What does Vitamin D do? Causes of Vitamin D deficiency can be environmental and by that I mean not getting enough sun or enough vitamins from food sources. Vitamin D is involved in a couple of complex systems within the body. First of all it is manufactured in the skin when you are exposed to sunlight. A mere 10 minutes a day is sufficient to supply enough Vitamin D to the body.
The problem is that in the Northern Hemisphere, many people do not get 10 minutes of sun a day. This is mainly due to increased winter months and shorter days.
Other causes of Vitamin D deficiency occur when people cover their skin daily for religious or cultural reasons. For example, D deficiency is common in women who live in the east and wear clothing that covers their bodies and faces completely.
This is not one of the water soluble vitamins, and it does deposit in the fatty tissues of the body such as the liver. Therefore if you take a little more than necessary, it may cause Vitamin D side effects. Therefore do not take large doses unless directed by a physician as this can adversely affect calcium regulation in the body.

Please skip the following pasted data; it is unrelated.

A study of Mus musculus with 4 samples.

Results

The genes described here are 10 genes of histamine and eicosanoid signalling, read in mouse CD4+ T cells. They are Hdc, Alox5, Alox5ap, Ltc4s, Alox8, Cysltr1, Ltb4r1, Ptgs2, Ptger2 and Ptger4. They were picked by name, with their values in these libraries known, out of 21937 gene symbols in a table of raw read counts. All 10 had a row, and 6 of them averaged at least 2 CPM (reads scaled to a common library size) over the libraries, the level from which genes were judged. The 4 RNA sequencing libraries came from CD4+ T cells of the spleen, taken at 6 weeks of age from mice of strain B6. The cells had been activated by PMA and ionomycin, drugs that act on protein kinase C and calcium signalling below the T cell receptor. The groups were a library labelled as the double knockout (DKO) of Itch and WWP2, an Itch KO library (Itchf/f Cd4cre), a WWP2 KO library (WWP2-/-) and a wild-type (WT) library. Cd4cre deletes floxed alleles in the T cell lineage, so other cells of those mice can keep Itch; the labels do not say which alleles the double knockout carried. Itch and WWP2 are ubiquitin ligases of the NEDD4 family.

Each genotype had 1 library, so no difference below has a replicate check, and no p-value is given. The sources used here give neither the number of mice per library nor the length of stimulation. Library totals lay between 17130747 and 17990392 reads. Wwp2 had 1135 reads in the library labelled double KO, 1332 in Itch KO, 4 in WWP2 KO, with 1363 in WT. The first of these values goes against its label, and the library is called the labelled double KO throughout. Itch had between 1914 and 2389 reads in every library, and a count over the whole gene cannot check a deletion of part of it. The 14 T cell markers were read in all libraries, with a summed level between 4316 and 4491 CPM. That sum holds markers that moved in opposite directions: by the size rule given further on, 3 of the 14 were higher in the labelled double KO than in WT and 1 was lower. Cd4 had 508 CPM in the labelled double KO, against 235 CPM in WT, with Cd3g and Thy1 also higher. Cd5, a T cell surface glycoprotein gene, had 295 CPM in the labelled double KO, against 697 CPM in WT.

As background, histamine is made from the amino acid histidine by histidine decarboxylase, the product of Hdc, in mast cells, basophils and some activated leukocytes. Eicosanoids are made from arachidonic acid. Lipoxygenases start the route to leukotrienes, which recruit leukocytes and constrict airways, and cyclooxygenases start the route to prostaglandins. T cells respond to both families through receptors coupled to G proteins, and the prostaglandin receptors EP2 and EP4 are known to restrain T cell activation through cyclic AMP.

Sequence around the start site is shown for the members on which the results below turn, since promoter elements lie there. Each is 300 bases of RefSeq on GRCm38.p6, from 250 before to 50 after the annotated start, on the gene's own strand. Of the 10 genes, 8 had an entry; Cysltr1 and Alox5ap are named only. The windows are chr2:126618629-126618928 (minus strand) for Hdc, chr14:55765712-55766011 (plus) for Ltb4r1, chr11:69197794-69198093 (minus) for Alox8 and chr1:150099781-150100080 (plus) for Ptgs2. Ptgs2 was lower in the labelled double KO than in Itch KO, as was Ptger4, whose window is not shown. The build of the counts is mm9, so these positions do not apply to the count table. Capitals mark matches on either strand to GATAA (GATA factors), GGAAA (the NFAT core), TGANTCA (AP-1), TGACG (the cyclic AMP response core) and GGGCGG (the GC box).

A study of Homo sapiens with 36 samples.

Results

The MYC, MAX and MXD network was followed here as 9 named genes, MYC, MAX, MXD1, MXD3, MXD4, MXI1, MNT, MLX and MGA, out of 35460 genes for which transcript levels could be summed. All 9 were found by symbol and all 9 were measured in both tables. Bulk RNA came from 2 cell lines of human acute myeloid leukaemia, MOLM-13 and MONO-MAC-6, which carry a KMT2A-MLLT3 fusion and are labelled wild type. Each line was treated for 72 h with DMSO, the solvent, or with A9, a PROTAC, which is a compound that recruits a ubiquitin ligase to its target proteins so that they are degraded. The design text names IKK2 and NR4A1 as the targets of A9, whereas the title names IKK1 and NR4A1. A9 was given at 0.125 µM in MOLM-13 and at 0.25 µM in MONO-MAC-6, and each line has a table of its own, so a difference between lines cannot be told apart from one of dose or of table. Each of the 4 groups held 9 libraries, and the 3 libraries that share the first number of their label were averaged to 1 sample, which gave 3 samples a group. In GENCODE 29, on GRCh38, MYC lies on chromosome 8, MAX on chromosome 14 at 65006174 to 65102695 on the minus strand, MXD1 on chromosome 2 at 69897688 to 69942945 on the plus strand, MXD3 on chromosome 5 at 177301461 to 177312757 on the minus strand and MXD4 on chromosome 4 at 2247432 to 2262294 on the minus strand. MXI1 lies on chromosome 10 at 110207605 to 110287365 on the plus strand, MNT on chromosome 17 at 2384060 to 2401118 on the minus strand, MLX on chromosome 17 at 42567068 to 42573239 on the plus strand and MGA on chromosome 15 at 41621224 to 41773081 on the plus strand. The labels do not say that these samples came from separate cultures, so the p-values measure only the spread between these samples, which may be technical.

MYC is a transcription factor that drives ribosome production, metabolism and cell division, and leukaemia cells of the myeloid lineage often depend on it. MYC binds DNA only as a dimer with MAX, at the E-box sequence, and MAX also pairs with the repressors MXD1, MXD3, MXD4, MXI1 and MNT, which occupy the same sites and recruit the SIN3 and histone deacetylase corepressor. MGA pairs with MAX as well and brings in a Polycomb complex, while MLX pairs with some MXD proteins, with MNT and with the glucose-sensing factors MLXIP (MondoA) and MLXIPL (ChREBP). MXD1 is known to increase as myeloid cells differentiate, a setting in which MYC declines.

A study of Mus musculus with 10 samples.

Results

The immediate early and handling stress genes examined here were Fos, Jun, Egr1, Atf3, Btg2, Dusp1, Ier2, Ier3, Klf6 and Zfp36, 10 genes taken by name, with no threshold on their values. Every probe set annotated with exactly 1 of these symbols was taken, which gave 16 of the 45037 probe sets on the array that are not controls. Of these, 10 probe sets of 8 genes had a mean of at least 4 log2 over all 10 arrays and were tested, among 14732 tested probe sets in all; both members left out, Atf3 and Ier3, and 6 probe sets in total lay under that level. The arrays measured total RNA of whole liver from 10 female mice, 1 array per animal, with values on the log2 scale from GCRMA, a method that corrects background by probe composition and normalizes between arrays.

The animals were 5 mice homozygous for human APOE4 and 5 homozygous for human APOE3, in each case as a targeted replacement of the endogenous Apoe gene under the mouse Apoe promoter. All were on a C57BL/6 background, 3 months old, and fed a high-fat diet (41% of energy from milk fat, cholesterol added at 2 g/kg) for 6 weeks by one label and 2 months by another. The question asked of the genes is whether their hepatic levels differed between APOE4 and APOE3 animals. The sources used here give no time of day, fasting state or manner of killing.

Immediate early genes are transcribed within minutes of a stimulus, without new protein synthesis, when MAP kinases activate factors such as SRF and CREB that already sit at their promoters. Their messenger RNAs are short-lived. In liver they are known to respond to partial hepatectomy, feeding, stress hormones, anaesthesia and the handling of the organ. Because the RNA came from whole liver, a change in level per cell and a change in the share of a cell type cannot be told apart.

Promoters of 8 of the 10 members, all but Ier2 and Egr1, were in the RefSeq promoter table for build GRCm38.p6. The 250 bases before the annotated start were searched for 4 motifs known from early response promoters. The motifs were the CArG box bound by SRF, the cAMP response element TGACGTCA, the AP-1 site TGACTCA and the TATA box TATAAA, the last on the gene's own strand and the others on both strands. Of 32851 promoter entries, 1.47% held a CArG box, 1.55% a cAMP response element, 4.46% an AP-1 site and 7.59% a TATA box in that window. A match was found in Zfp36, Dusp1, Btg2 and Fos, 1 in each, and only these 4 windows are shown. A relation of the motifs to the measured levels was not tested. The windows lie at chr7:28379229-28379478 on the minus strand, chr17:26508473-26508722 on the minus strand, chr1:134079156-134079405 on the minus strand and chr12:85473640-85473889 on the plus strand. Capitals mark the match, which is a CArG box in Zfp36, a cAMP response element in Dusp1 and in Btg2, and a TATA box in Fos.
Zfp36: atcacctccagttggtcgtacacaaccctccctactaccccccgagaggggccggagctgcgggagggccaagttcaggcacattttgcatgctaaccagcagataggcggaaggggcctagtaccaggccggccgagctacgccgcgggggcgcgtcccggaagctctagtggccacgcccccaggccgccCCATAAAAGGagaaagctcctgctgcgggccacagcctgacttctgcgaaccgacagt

But back to the original question: what does Vitamin D do? It is needed to maintain healthy bones. It does this by maintaining the blood levels of calcium and phosphorus which in turn are utilized to maintain bones. Vitamin D helps us absorb calcium from our diet, through the intestines, into the blood plasma.
Who Is At Risk?
As mentioned, those who do not get enough sunlight are at risk. This includes the following groups of people:
- Dark skin which blocks sunlight
- Women who wear clothing that covers the entire body
- Elderly who are house bound
- People who do not consume dairy products or vitamin supplements
Vitamin D Sources
When in foods, Vitamin D is found in dairy products such as eggs and milk in addition to fish and cod liver oil. Vitamin D is found in two forms D2 and D3. Current studies are ambivilent as to which one is better so most providers recommend either. Although the FDA says 200 iu (international units) per day are enough, most people do well on 400iu.
If you are truly deficient you may have to go on 50,000iu per week for several weeks and then 1000iu per day after that. What is deficiency? Levels less than 20 ng/ml. If less than 30 ng/ml then that is insufficiency.